You can have the same asset be labeled by more than one annotator at the same time, and have Ango Hub calculate how much they agree with one another.
Ango Hub, then, will calculate how similar their annotations are to one another, and come up with what we call the "consensus score". Assets with a high consensus score are likely to have been labeled correctly.
You can then use this consensus score in your workflows: for example, you can have your reviewers only review assets with a low consensus score, among others.
- Bounding Box
- PDF Area Tool
- Top-Level Classifications
Labeling tools for which consensus calculation is not available will not count towards and will not affect the consensus score.
Nested classifications are also not counted, only the first (top-level) classifications are.
For example, if you have a project with both bounding boxes and polylines, the resulting consensus will only be calculated taking bounding boxes into consideration.
Also, if you have a bounding box project in which labelers need to answer questions nested under the bounding boxes (e.g. vehicle type), only the size and position of the boxes will be taken into consideration, as nested classifications do not count towards consensus.
When creating a new project, in the Quality Settings step, ensure you toggle Consensus on and pick how many labelers should annotate the same asset.
While consensus can be changed later, from the Quality section of the Settings tab, we recommend setting it up from the start.
This is because assets that have already been uploaded to the project before the consensus change will not be affected by it.
For example, if you upload 5 assets with a consensus of 2 and then change it to 3, those first 5 assets will retain their consensus of 2.
It is possible to manually add or remove consensus to assets but it is a manual operation in which assets need to be selected one by one from the UI.
If you selected a consensus of 4, for example, from this point on, whenever you upload an asset, four labeling tasks will be created along with it.
What this means is that the asset will be placed on the labeling queue four times, however in such a way that the same labeler can never label the same asset twice.
Once you set up consensus, no further action is required from you, as the tasks are automatically assigned first-come-first-serve to labelers.
You can see the general, project-wide consensus distribution right from the project dashboard, in the Consensus DIstribution section:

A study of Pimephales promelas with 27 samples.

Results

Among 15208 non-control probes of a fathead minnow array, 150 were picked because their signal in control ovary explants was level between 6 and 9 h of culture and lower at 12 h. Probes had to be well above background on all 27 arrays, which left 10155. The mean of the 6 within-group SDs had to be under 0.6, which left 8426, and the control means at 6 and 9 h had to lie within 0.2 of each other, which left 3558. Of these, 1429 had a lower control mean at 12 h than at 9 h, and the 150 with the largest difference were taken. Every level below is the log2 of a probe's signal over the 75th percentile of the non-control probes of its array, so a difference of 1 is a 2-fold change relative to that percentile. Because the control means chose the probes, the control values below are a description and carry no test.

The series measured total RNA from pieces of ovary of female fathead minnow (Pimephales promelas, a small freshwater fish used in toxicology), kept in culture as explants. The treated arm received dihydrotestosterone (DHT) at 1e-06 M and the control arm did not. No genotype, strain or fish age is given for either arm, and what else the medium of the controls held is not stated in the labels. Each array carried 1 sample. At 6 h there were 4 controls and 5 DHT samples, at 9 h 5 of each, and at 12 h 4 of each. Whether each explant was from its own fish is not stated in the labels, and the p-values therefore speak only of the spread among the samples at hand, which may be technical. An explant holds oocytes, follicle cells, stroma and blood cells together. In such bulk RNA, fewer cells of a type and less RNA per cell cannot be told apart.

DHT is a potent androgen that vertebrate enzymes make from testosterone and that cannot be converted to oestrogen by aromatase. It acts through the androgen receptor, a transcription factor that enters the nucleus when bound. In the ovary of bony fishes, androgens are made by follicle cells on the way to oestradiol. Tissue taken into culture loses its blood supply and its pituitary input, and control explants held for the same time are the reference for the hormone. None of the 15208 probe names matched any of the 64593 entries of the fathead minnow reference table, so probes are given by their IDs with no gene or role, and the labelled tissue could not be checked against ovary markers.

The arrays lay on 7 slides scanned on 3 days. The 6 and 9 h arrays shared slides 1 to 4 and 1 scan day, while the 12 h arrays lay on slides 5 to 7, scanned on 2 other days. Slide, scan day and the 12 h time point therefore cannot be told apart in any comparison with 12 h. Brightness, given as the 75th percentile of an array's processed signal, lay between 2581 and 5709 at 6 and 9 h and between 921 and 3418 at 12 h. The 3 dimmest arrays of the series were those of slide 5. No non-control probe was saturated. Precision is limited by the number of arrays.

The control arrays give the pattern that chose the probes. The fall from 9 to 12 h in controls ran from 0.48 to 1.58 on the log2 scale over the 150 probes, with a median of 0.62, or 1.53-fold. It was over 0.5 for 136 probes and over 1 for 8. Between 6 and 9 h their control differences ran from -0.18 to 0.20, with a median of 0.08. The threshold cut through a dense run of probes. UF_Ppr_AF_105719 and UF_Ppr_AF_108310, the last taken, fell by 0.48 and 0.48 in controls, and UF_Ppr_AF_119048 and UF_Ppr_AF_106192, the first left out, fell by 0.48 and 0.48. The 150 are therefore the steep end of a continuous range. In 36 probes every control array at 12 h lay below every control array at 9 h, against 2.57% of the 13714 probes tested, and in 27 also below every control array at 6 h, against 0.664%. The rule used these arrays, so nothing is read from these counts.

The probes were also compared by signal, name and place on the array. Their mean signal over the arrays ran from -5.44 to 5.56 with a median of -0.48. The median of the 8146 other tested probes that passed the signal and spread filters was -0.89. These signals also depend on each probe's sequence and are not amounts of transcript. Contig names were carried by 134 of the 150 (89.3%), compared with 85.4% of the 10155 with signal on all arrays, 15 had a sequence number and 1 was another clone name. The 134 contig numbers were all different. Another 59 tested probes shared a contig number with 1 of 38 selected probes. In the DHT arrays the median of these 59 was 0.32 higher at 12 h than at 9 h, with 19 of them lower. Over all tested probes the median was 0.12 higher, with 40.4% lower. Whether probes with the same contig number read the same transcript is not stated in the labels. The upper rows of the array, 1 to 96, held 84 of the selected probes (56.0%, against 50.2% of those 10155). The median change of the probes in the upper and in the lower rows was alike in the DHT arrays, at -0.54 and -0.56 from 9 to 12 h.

You can also drill down and only show the consensus distribution for a specific labeling tool by selecting it from this dropdown:
You can also see each asset's consensus score, and you can examine the annotations of each individual labeler and quickly compare them, to pinpoint exactly what their differences are.
From the Assets tab, you can see each asset's consensus score in the Consensus column. (1)
Under the Labels column, you can see each label created by an annotator. For example, in the screenshot below, each asset has been annotated by 4 labelers. (2) Their initials are shown in each circle, and clicking on a circle will open that labeler's annotations.
For more information on each labeling task, hover over a circle to see the labeler's full name and more.
Once you click on a circle, you are shown that labeler's annotations. From the top of the screen, click on different circles (1) to see different labelers' annotations.
You may only need to check consensus for a limited number of assets, without resorting to project-wide consensus. It is possible to add and remove label tasks to an asset manually.
From the Assets tab, click on the three dots at the right of the row of the asset for which you wish to add the label task. Then, click on Add Label Task.
A new label task will be created. This means that with the exception of the labeler who has already annotated the asset, when a project member clicks on Start Labeling, they will be shown this asset.
Right-click on the circle representing the label task you'd like to remove, and click on Delete.
questionCountbe the total number of classification questions in the project, and
taskCountthe total number of tasks assigned to an asset.
x, the single-question consensus for a single task as
(sameAnswers / (taskCount - 1)), where
sameAnswersis the count of answers that are equal to one another, current one excluded.
We repeat the above calculation for all tasks in the asset, to calculate the final result represented as Σ(x) below.
y, the overall consensus on a single question (classification) as
(∑(x) / taskCount).
We repeat the above calculation for all questions in the asset, to get to the final result represented as Σ(y) below.
The final consensus score, then, is calculated as
∑(y) / questionCount.
We calculate consensus for objects using the Intersection over Union (IoU) method.
We compare objects with one another to generate their IoU scores. If some annotations are completely separate, for example, with not even a pixel in common, their IoU score would be 0. If they overlapped completely, their score would be 100.
We then average the IoU scores of all annotation to calculate the final consensus score.